Music Competition Provides Upbeat Introduction to World Cultures
In a video introducing himself to the community of Fort Dorchester High School, Christian Moreno noted that he loves soccer (and coaching goalies, in particular). So, it’s unsurprising that he came up with a project that introduces students to global culture via a tournament-style competition.
A Spanish teacher at the high school in North Charleston, South Carolina, Moreno has more than 20 years of classroom experience. He’s originally from Colombia, and he came to the USA with Educational Partners International (EPI) back in 2018. As part of EPI’s program, teachers participate in cross-cultural activities that help build mutual understanding across borders. Through the years, the activities have allowed Moreno to introduce students to Colombia’s indigenous peoples; the country’s holidays, climate, and dress; its culinary traditions and music; and how the country reacted to COVID-19. He’s done so through a variety of means: Zoom calls, video and PowerPoint demonstrations, and pen pal exchanges.
Last fall, Moreno had an ingenious idea. Working with his school’s language department and Spanish Multicultural Club, he selected music videos to represent 21 Hispanic countries in a type of cultural tournament. Students, teachers, and school staff could vote for the most interesting entry, taking into account each video’s music, language, melody, imagery, and performance. Arranged as a bracket tournament, the competition allowed the high school community to vote 13 times. Spread out over four rounds, the contest initially saw the 21 countries divided into seven groups (with three countries per group) – all going head to head until one country emerged victorious. Venezuela beat out Guatemala in the final round. (Nacho’s song “La Buena” won out over David 502’s “Guatemala es mi Tierra.”)
After the competition concluded, Moreno didn’t end things there. He continued the contest in the spring, this time expanding the competition to encompass languages of the world. This iteration of the project saw 18 languages, represented by as many countries, facing off in a bracket. In the final nine days of the competition, participants cast 1,804 votes.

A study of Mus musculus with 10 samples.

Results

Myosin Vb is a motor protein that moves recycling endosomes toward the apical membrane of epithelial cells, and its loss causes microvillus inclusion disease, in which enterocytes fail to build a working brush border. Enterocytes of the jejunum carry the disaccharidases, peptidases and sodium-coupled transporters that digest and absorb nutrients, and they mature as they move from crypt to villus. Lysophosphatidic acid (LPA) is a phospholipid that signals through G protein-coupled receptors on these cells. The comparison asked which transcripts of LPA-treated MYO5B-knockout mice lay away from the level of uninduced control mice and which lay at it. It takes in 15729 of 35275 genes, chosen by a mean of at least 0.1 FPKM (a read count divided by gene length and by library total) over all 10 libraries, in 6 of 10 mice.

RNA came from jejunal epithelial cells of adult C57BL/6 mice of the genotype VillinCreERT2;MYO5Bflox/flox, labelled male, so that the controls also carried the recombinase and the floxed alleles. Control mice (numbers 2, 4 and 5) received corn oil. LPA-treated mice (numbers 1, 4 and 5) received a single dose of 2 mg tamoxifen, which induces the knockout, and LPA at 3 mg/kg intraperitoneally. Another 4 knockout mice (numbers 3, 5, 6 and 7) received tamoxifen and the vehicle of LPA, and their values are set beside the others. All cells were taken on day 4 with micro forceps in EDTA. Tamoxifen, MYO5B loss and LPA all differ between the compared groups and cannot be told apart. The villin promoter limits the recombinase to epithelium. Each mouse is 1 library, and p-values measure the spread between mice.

The final winner? Jamaican English, beating out German. Mr. Vegas’ video for the song “The Voices of Sweet Jamaica” earned the victory.
The real winner, though, was the school community. They benefited from Moreno’s efforts to spread his love for Spanish and to prompt interest in learning a second language.
In the end, Moreno’s hard work and out-of-the-box thinking didn’t escape folks’ notice – and he won a trophy of his own. The school awarded him their “Picante Award,” given to teachers who add spice to their teaching style.
The beat will go on next school year, too. As a coda, Moreno is now preparing the project for the district level.
The value of the project may best be summed up by Anfibio. A singer from Equatorial Guinea, his “Un Solo Corazon” was among the songs competing in the Spanish version of the competition. He responded when Moreno reached out to him via a YouTube comment.
“Thank you for using my music as a cultural element,” he said in a message recorded in Spanish and translated by Moreno. “I am happy that from there you can listen to what I produce here. It is the same language, and I think it is a good opportunity to be able to distribute it to the whole world and to be able to share the same culture.”
Performer David 502 also recorded a grateful message in Spanish. “I send greetings from Guatemala to you and the entire community of Fort Dorchester,” he said. “Thank you for sharing my culture and my language. Keep learning Spanish and enjoying what the Hispanic culture has to offer you. Thank you very much for considering my work, my art. For me, it is an honor to share with you all and send you greetings.”